Introduce yourself and the organisation. What is your role and focus area?
I am Captain Phil Murphy. I'm the Senior Marine Office with Wexford County Council. I look after the piers, harbours and ports within the county and the coastline of around 250km there, so a very active space. Wexford County Council would be one of the leading authorities in the coastal environment and we have some good examples of best practice in it, so that's kind of my background. Thats what I do.
What is your organisation's role in the marine industry?
Looking from a coastal point of view, obviously it's a local authority, but we are also port authority. We have New Ross Port, we have piers and harbours. So we have an interest with marine leisure, with tourism, with community groups, with fishing industries.
There's very important fishing industry set in Kilmore Quay - the biggest Irish fleet left in Ireland, all locally owned boats, which is really, really good to see.
And then a few years back, we took over New Ross Port, so we have a commercial shipping element up there aswell and all that goes with that.
So it is a very wide, broad-based local authorities there to put the infrastructures in place to support those types of businesses and interests in community groups and very broad-based initiatives.
What do you see as the biggest opportunity for Ireland's marine industry in the coming 5-10 years?
Well I think people now, particularly the public, are starting to realise the importance of marine assets. People swim all year round. They engage with coasts and they walk the beaches. We're starting to eat a little bit of fish - that kind of stuff.
Interestingly, at an event like this (MIIN in Wexford), we're able to see the new companies - it's amazing here today and last night - that a lot of the players I wouldn't have known, where a couple of years ago would be the complete opposite. So it's great to see those new, indigenous industries coming up.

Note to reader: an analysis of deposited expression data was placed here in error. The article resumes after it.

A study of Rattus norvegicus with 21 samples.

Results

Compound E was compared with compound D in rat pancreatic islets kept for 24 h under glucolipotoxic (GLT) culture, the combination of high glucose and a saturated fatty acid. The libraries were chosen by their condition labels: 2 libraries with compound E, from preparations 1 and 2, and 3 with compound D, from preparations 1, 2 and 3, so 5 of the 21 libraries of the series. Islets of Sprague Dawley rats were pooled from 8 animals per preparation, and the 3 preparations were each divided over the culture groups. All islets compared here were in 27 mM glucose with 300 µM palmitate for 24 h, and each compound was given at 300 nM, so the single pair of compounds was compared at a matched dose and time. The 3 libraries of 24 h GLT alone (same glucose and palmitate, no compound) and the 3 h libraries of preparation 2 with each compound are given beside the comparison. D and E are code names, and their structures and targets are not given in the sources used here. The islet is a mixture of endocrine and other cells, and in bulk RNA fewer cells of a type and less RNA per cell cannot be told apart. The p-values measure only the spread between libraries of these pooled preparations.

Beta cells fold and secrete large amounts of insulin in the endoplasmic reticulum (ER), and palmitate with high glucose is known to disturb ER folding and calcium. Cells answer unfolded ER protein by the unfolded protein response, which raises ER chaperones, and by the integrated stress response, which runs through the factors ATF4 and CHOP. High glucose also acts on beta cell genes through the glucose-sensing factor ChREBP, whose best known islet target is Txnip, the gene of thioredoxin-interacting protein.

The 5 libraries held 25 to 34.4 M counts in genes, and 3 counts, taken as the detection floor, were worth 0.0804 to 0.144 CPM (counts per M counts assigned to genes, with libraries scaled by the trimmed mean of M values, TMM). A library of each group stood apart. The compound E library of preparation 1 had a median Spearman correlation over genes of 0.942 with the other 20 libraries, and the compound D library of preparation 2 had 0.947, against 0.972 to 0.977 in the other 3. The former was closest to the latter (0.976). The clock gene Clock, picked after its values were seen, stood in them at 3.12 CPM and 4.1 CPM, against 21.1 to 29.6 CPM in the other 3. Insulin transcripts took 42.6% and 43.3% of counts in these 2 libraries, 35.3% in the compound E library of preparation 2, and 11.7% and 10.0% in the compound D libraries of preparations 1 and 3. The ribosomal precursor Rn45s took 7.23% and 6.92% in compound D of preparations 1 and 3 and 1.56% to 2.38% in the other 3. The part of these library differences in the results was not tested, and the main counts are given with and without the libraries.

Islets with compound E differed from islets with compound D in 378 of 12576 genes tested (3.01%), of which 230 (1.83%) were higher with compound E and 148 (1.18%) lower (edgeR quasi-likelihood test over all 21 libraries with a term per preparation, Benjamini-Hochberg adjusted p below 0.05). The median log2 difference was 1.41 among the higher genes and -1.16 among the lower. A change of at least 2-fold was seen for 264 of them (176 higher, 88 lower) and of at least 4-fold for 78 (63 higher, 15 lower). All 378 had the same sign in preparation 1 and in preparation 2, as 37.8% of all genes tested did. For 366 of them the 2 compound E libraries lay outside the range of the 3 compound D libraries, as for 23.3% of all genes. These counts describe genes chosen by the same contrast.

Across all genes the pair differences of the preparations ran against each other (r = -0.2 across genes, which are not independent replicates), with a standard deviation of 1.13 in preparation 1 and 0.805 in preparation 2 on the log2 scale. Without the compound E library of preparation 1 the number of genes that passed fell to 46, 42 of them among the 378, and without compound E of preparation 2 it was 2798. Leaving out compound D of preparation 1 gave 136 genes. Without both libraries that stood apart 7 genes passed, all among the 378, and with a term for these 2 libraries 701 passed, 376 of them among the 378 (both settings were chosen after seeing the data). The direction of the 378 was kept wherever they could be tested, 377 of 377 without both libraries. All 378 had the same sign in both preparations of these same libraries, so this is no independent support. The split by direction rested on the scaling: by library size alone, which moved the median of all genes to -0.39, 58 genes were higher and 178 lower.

And the opportunities that are particularly in the offshore sectoris a big, big opportunity.That might benefit some of the coastal communities I deal with aswell,so guys could maybe move across into other industries which are due for expansion. So it's a very interesting space and there's a lot to happen in the coming years.
What is the biggest challenge, in your opinion, facing businesses in the marine industry today?
A lot of challenges. Yeah, a lot of opportunity, but again it comes with challenges. Practical sense is, where are you going to get the skilled workforce? In the maritime industry, I know there's not very many people going to sea anymore, so that cohort of people that would have had traditional maritime backgrounds are probably not there in the same numbers that they were.
You've got the legislative frameworks to go through. We've had a presentation there from MARA who are trying to get up and get running and deal with that - a lot of pressure coming on. So, a huge amount of challenges and then I suppose, there is a bit of fear factor as well.
People see new changes coming and how we might overcome that and explain to people exactly what is going on and kind of make the most of it. So yes, some significant challenges, but with any opportunity you're always going to get that, so just work through that process.
Is there anything you would like to share with the network?
I think it's great you're here in Wexford. It is the Maritime County, as I said there earlier on. Nobody actually realises that, but it is good to see that industry coming to places like Wexford. We do have a very keen sense of what we have down here.
Like, traditionally you have Dublin, Cork and the bigger centres, that's great. But to put it into the other regions is really, really good and I think it's good for supporting business as well. And even for businesses to know that the likes of us in local authorities can support them as well, so some really good networking.